LOS ANGELES--Just days after the launch of SURI-II, whose state-of-the-art instruments are expected to provide the first-ever infrared images of Tom Cruise and Katie Holmes' infant daughter, a report published by NASA revealed that nearly half of all communications and reconnaissance satellites currently in orbit are engaged in collecting and transmitting data relating to the child-rearing practices of Hollywood stars.
According to Monday's report, the SURI-II is one of 73 celebrity-surveying satellites currently deployed by the U.S. and assigned a variety of tasks, including analyzing the rising levels of hostility between new mother Britney Spears and husband Kevin Federline, calculating the long-term effects of Julia Roberts' decision to bottle-feed her twins, and tracking the ever-changing whereabouts of Angelina Jolie and Brad Pitt.
"In the 15 years since the first crude orbital crafts were launched to monitor Demi Moore's second pregnancy, fame-monitoring satellites have proven invaluable in our pursuit to better understand the star-studded world around us," New York Post Page Six columnist Richard Johnson said. "Were it not for the highly detailed information these satellites transmit back to Earth, celebrity researchers today would be unable to explain the origins of the adorable outfits Brooke Shields picks up for Rowan."
Outfitted with sensitive spectrometers that measure pregnant Academy Award?winners' mean glow-radiance (MGR), and equipped with advanced imaging and optoelectronic devices capable of detecting possible "baby bumps" from 13,000 miles above the earth's surface, satellites like the InTouch IV have allowed researchers to literally observe a distant star's baby being born.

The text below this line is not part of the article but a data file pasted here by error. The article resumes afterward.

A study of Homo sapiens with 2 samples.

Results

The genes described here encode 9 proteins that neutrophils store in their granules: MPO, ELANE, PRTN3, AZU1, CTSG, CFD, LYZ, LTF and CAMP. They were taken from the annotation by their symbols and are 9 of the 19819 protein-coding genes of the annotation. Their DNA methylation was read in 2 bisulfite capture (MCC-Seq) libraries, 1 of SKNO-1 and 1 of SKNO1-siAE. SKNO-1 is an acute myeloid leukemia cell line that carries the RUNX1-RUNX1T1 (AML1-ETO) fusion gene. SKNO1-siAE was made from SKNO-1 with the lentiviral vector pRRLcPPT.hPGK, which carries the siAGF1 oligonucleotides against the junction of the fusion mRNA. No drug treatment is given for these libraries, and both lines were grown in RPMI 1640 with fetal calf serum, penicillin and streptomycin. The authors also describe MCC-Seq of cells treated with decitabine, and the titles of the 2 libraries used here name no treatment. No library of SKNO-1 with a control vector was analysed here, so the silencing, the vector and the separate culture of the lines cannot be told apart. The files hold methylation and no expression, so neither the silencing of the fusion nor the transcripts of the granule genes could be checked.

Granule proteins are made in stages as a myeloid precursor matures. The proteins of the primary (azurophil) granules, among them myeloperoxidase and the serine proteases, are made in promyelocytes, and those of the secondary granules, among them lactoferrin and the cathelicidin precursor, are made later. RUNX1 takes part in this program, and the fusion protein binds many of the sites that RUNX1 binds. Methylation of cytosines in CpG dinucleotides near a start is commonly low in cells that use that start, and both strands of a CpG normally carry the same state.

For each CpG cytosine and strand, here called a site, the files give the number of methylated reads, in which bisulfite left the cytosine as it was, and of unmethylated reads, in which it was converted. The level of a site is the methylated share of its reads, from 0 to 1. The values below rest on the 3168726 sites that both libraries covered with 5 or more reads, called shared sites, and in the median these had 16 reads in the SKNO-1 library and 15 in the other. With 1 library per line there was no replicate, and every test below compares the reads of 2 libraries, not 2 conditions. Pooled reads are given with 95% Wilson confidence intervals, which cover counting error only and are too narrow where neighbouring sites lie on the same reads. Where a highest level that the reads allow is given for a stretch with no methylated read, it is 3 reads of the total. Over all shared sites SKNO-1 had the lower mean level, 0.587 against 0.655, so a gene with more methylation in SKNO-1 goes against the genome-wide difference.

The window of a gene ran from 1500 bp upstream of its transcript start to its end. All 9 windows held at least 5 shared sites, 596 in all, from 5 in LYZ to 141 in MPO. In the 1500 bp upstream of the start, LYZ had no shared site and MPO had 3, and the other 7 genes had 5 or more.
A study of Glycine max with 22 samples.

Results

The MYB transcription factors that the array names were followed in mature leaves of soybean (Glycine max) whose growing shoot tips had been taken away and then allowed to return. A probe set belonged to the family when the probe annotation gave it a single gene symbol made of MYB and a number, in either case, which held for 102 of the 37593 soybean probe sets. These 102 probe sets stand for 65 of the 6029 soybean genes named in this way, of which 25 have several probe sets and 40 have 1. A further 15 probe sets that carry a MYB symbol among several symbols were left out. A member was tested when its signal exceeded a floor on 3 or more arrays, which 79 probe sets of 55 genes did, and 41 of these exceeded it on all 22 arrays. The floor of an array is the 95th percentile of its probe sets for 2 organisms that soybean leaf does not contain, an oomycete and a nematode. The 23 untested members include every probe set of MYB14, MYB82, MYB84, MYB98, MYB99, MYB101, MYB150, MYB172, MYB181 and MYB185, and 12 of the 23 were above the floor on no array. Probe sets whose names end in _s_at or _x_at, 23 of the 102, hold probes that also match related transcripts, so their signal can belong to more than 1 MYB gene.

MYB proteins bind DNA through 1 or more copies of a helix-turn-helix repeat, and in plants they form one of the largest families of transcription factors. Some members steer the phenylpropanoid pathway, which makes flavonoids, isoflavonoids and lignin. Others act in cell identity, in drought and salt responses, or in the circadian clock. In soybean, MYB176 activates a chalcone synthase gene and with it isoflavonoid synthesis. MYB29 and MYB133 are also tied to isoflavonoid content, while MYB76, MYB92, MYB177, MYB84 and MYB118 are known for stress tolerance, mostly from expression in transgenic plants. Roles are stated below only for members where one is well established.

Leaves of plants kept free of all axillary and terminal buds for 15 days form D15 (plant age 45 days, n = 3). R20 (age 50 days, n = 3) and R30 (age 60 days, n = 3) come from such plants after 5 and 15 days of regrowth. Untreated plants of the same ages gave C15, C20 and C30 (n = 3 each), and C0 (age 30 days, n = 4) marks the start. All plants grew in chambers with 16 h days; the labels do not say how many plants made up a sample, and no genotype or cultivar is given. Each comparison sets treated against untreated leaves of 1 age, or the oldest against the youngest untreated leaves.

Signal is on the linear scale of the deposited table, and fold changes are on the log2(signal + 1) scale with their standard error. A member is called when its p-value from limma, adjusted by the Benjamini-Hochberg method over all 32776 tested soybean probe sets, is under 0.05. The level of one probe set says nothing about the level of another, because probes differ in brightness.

American Media editorial director Bonnie Fuller credited her company's own fleet of geosynchronous satellites with enhancing the accuracy of reporting by its publications, which include The National Enquirer and Star.
"Many Americans today take for granted the ease with which they are able to access the latest celebrity childbirth figures," Fuller said. "It was not too long ago that one had to wait until a celebrity mom attended a film premiere or passed by an open window to know exactly how she was handling her post-partum weight. Now, thanks to the miracle of science, we can identify the exact cravings Gwen Stefani experienced during her pregnancy."
Yet not all satellite-based celebrity-fact-gathering technology has been foolproof. In early 2004, the launch of a satellite intended to provide precise measurements of Kate Hudson's expelled placenta proved disastrous when its equipment inexplicably began tracking Andy Dick's erratic workout routine instead. A more recent satellite malfunction in January likewise produced erroneous data that pop superstar Madonna was pregnant with 238.4 children.
"There have been setbacks, yes, but compared to the amazing strides we've made in such a short period, it's a small price to pay," said Us Weekly West Coast editor Ken Baker, who added that high-resolution photographs, like those recently taken of Catherine Zeta-Jones and Michael Douglas as they played Chutes And Ladders with their two children in the den of their Malibu home, were "inconceivable" just five years ago. "We're confident that satellite technology will one day unlock some of the universe's oldest and most baffling secrets, such as how Gwyneth Paltrow juggles two kids and a thriving film career, yet still manages to look fresh and luminous in her Estee Lauder ads."
Still, most satellites are still dedicated to more conventional uses, including the forecasting of movie-star fashion trends, telecommunications between famous models, and military surveillance of potential threats to national security, most notably actor Sean Penn.